As the BP oil spill fades into oblivion, oil well service providers are well positioned to surge. Discount rates in present valuing future streams of free cash flow will come down at the same time that the economy goes up. In this article, I will run you through my DCF model on National-Oilwell Varco (NYSE:NOV) and then triangulate against a review of the fundamentals of Halliburton (NYSE:HAL) and Baker Hughes (NYSE:BHI). I find that all three of these companies are substantially undervalued.
First, let's begin with an assumption about the top-line. NOV finished FY2011 with $14.7B in revenue, which represented a 20.6% gain off of the preceding year. I model 15.8% per annum growth over the next half decade or so.
Moving onto the cost-side of the equation, there are several items to consider: operating expenses, capital expenditures, and taxes. I model cost of goods sold eating 69% of revenue versus 10.5% for SG&A and 2.5% for capex. Taxes are estimated at 32% of adjusted EBIT (ie. excluding non-cash depreciation charges to keep this a pure operating model.)
We then need to subtract out net increases in working capital to get free cash flow. I estimate this figure hovering around 3.4% of revenue over the explicitly projected time period.
Taking a perpetual growth rate of 2.5% and discounting backwards by a WACC of 10% yields a fair value figure of $89.21, implying just north of 30% upside.
All of this falls within the context of stellar operating performance:
National Oilwell Varco [had] first quarter 2012 earnings of $606 million or $1.42 per fully diluted share on revenue of $4.3 billion. Excluding transaction cost, earnings were $1.44 per fully diluted share. This compares the year-earlier results of $0.96 per share on revenues of $3.15 billion. We are extremely pleased with these earnings and feel they are indicative of the great product offerings National Oilwell Varco offers to the industry, and the excellent execution of our outstanding employees.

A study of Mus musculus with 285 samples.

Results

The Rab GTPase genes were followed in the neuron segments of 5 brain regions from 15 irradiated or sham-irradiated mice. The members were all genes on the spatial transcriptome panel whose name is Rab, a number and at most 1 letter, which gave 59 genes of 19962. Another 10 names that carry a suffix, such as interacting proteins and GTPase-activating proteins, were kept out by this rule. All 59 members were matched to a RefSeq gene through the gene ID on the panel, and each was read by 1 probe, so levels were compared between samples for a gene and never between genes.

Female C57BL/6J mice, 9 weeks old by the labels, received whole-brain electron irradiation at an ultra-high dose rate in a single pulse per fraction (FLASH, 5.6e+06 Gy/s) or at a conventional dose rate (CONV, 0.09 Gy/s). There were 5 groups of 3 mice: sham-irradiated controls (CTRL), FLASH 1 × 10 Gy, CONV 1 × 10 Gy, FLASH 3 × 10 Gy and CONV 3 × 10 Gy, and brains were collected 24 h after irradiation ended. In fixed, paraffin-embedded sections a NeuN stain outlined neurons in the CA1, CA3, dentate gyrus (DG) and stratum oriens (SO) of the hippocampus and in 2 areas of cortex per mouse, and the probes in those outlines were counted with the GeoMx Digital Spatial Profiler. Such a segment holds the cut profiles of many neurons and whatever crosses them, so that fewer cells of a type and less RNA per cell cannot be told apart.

From a multiples perspective, NOV also appears cheap. It trades at a respective 13.3x and 10x past and forward earnings versus 10.5x and 9x for Baker Hughes and 9.4x and 8x for Halliburton. The Street is highly bullish on all three of these stocks - a sentiment that I share given how overblown the BP oil spill has been.
Consensus estimates forecast Halliburton's EPS growing by 4.5% to $3.51 in 2012 and then by 13.1% and 18.9% in the following two years. Assuming a multiple of 13x and a conservative 2013 EPS of $3.94, the stock would hit $51.22 for 60.9% upside. According to NASDAQ, the stock is rated a "strong buy".
Consensus estimates forecast Baker Hughes' EPS falling by 12.6% to $3.67 in 2012 and then growing by 26.7% and 32.3% in the following two years. Assuming a multiple of 13x and a conservative 2013 EPS of $4.60, the stock would hit $59.80 for 43.3% upside. With the stock being 58% more volatile than the broader market, Baker Hughes is well positioned to recover lost shareholder value over the last six months.